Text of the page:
Soft Opening

P.G. Economic Development Commissioner Tama Olver estimates the city might collect $200,000 a year in cannabis sales tax revenue.

Less than seven weeks shy of recreational cannabis becoming legal in California on Jan. 1, 2018, the doors to cannabis businesses were slammed shut by the Pacific Grove City Council. After residents and councilmembers fretted about pot’s impact on children and its perceived potential to trigger violence, the council voted 7-0 on Nov. 15, 2017 to pass an ordinance prohibiting dispensaries or any related businesses, including deliveries from other jurisdictions.

A year later, it appeared opinions in town might be softening in the lead-up to the November 2018 election. At a candidates forum in September, five of the seven City Council candidates indicated they’d be open to at least studying the issue when asked by a resident. One, Tama Olver, said she’d like to see a dispensary open on Lighthouse Avenue.

Olver didn’t win, but she was appointed in January 2019 to the Pacific Grove Economic Development Commission, and when commission chair Mia Jarick asked if anyone would volunteer to study allowing cannabis, Olver raised her hand.

On July 11, Olver presented a report after months of research by her subcommittee that included visits to dispensaries, deep dives into state law, tax revenue statistics and more.

The commission voted 5-0 to make a recommendation to City Council – which now includes three candidates who signaled they were open to study: Jenny McAdams, Amy Tomlinson and Joe Amelio – that it change the ordinance to allow a single dispensary.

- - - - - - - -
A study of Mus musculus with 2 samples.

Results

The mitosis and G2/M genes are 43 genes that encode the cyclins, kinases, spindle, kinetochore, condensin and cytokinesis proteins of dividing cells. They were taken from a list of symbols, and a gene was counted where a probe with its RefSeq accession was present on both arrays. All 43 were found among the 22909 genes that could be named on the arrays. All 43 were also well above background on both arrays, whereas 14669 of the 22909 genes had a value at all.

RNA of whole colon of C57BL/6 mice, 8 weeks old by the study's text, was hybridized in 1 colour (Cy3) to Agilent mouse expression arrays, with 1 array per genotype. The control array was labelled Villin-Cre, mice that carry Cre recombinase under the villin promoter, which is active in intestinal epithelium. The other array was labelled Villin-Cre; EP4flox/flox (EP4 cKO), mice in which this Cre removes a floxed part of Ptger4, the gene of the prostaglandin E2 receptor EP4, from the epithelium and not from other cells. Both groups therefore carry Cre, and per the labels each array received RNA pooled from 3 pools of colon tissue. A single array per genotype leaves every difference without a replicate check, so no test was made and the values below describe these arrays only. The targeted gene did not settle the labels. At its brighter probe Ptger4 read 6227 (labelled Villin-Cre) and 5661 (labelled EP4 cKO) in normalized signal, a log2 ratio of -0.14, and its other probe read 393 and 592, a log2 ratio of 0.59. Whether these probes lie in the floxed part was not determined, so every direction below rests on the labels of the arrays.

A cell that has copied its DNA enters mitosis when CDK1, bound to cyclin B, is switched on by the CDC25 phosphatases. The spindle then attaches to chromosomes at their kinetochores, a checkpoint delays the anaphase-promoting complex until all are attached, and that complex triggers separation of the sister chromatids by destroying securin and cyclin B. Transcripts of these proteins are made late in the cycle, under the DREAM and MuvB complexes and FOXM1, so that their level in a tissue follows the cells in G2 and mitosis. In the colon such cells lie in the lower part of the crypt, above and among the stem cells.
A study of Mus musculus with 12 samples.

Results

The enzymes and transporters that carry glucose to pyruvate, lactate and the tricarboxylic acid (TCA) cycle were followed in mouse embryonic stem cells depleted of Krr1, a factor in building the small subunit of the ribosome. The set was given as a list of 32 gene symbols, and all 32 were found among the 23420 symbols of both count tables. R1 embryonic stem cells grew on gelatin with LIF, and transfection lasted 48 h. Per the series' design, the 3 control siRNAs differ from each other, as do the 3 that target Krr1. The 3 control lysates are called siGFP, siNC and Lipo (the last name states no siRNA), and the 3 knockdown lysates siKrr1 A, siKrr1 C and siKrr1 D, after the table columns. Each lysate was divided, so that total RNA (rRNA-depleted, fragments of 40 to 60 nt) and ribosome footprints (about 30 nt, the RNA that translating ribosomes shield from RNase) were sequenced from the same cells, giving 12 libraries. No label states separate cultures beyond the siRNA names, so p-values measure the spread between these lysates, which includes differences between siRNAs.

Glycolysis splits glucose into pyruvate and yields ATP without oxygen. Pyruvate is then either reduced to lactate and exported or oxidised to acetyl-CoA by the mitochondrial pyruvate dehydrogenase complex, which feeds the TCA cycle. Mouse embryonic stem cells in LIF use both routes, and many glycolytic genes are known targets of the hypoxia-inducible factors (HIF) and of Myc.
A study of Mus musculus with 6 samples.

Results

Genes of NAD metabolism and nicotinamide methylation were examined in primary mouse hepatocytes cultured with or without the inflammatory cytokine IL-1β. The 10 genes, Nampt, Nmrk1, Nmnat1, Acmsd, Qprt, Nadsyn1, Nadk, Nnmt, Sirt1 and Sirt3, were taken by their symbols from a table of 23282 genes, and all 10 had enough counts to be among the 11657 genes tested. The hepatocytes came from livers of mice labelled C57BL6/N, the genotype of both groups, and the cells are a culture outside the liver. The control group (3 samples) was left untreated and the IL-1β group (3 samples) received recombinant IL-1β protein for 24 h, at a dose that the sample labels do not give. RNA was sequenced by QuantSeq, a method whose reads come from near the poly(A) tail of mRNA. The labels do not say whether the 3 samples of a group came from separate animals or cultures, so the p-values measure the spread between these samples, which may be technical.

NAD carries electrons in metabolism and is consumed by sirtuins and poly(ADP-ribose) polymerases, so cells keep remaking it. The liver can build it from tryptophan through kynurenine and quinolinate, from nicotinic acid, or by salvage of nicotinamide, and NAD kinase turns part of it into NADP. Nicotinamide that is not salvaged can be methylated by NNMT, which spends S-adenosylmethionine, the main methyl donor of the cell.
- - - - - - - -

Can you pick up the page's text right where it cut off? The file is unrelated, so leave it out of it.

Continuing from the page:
Commissioners also recommended the council ask voters in either the primary or general election next year to pass a tax of up to 10 percent on cannabis sales. Other recommendations include allowing a delivery business to open in P.G., as well as permitting firms that do cannabis research. They did not want to see any manufacturing take place. At the very minimum, commissioners said, the city should amend its current ordinance to reflect the fact that state law now allows deliveries from outside areas.


City Manager Ben Harvey says he expects the issue will come before the council in September. McAdams declined to comment about her specific ideas for fear she’d have to recuse herself later.

At a candidates’ forum last year, McAdams told residents, “I would not initiate it, but I would be open to a very stringent and regulated program.”